My mother did not consider flowers an appropriate gift. When I sent a bouquet on Mother’s Day, she called to complain. “Never do that again,” she cried. “They only die, and that’s so depressing.”
“Is there something that you’d rather have?” I asked.
Mom didn’t need to think twice. “Quiche,” she replied.
That was easy. At the time I was turning out 15 or 20 fragrant savory tarts every day while cooking at a restaurant. I should add that this was back in the seventies, a time when few American men or women had even heard of quiche, and certainly before Real Men decided they didn’t eat it. They’d come into the restaurant, stare at the menu and ask, “What’s a....” Then they’d stop, stumped, before eventually producing a range of sounds that varied from kwichay to kwatch to quick.
“Try it,” I’d reply, slicing off a golden triangle. I knew, with absolute certainty, that they’d be hooked at first bite. Great quiche is literally irresistible. The contrast between the soft rich custard, the tender crust that cradles it, and the crisp layer of melted cheese on top turns each bite into a celebration.
My Mom is long-gone, but every year on Mother’s Day I bake a quiche in her honor. Remembering her joy in it, I make it as carefully as I can. Then I sit down with a group of women friends and we pay tribute to the women who raised us.
Looking back, I think that Mom appreciated more than the sheer deliciousness of quiche. This, after all, was the woman who believed that leftovers last forever, the woman who invented Everything Stew. She knew that few recipes are as forgiving as quiche; you can add almost anything. Beneath the custard, leftover vegetables are reborn, caramelized onions are transcendent, and bacon does its usual dance. But I’ve also been known to spread a layer of spare Bolognese on the crust, and I love what it does to leftover eggplant dip. The custard is forgiving too: you can whip up just about any combination of milk, cream and eggs, throw in any kind of cheese, and come up with something that everyone will want to eat.
But this is Mother’s Day Quiche, which means we’re going for the best. So for today, these are the rules.
- You must blind-bake the crust. It is possible to avoid this step and make a decent quiche, but you won’t get that wonderful contrast between custard and crust.
- You must allow the crust to cool before filling it with custard. I don’t know the chemistry on this, but it makes a noticeable difference. I let mine cool for at least half an hour before pouring in the egg and cream mixture.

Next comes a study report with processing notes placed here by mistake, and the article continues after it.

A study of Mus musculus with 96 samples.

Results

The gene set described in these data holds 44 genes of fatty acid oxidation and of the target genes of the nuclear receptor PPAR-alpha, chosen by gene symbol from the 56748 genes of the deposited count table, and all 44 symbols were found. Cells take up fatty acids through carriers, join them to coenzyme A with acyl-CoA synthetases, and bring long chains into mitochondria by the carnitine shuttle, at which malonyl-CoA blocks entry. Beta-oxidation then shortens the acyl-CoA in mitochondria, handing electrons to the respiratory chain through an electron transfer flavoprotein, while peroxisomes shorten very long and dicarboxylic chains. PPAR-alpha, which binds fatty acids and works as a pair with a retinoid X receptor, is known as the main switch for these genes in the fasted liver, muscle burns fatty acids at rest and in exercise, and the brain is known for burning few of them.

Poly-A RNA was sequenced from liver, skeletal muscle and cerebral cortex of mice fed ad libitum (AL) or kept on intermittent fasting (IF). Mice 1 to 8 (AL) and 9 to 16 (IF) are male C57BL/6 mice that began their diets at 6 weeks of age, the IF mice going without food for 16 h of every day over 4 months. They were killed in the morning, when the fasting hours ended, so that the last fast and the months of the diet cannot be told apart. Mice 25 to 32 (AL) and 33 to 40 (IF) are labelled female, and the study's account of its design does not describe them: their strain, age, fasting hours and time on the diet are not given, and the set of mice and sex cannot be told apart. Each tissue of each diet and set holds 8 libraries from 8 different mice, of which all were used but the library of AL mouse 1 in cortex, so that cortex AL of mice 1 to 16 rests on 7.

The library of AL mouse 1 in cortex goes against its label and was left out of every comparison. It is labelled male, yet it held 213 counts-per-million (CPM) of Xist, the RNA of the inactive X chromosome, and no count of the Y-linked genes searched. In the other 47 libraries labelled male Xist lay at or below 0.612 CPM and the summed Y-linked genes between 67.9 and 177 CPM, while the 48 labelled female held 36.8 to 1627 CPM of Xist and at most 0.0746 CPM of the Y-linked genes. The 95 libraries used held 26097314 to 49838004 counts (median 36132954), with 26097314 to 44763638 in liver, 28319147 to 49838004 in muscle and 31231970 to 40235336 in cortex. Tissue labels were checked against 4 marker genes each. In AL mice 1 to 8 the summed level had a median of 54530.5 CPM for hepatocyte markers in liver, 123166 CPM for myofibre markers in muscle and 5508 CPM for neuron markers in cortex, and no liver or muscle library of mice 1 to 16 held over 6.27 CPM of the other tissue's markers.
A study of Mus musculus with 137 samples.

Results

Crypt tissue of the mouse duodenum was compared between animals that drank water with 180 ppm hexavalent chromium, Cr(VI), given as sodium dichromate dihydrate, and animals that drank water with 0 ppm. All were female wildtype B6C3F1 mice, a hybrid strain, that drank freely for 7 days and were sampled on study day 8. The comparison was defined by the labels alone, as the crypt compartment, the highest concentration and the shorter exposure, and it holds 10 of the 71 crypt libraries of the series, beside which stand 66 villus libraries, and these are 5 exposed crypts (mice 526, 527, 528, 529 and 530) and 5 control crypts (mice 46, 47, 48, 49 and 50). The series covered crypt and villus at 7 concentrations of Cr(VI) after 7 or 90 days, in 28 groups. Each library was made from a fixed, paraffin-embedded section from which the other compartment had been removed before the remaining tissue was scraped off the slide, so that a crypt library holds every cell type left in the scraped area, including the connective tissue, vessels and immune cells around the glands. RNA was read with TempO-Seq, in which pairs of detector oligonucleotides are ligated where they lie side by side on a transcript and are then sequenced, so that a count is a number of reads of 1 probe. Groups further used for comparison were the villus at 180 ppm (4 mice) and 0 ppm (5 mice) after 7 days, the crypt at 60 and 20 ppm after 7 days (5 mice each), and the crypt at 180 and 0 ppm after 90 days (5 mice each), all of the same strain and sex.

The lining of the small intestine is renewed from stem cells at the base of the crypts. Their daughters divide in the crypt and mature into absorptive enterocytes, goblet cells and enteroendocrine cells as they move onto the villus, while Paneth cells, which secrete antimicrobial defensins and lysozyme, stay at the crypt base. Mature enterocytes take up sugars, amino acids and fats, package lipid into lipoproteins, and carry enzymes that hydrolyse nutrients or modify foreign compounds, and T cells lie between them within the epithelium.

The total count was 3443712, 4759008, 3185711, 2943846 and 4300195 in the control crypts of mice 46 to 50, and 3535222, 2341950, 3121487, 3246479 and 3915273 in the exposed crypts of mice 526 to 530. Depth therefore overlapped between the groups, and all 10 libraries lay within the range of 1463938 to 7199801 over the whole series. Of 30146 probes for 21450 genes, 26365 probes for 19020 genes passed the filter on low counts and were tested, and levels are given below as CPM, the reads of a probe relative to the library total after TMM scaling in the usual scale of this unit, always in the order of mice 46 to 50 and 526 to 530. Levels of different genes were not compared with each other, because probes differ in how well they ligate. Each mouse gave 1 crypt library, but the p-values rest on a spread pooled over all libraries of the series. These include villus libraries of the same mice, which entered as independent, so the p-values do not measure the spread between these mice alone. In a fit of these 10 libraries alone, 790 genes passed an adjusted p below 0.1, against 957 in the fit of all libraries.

- Use cream. It just tastes better. Use cream from Jersey cows if you can get it. Count calories tomorrow.
- Use good Gruyere. It’s classic. And it tastes great.
Mother’s Day Quiche
For the crust
1¼ cups flour
½ cup cold sweet butter, cut into small cubes
4 tablespoons ice water, or as needed
For the custard
1½ cups cream
3 large eggs
pinch of salt
bit of pepper
grating of nutmeg
1 cup grated Gruyere
Make the crust: Combine the flour with the salt. Cut in the butter with a pastry blender, working quickly to keep the butter cold, until it is the size of small peas. Add the ice water, a tablespoon at a time, tossing with a fork until you can gather it together in a ball. You might need more than 4 tablespoons of water, but use only just as much as you need to make the dough come together. Flatten it into a disk, wrap in wax paper, and allow to rest for an hour (or overnight) in the refrigerator .
Preheat the oven to 400⁰F.
Bake the crust: Roll out the dough on a floured surface and carefully fit it into a 9 inch tart pan with a removable bottom. Line the dough with foil and fill with dried beans, raw rice or pie weights. Bake for 12 to15 minutes. It should be ready now, but if you try to remove the foil and it sticks, leave it in the oven for a couple minutes more. Then carefully remove the weights, prick the crust gently with a fork (to avoid air bubbles), and bake for 5 minutes more, or until the crust is golden. Set it on a rack to rest for at least half an hour.
Turn the heat down to 375⁰F. If you’re using a filling that doesn’t go in the custard, add that to the crust now.
Make the custard: Whisk the eggs, cream and seasonings to combine, but don’t froth it. Pour the mixture into the cooled tart shell. Top with grated cheese and bake for about half an hour, until the top is golden and puffy. It should quiver gently, barely set.
Serve immediately, before the glorious puff of the custard gives a little sigh and begins to collapse.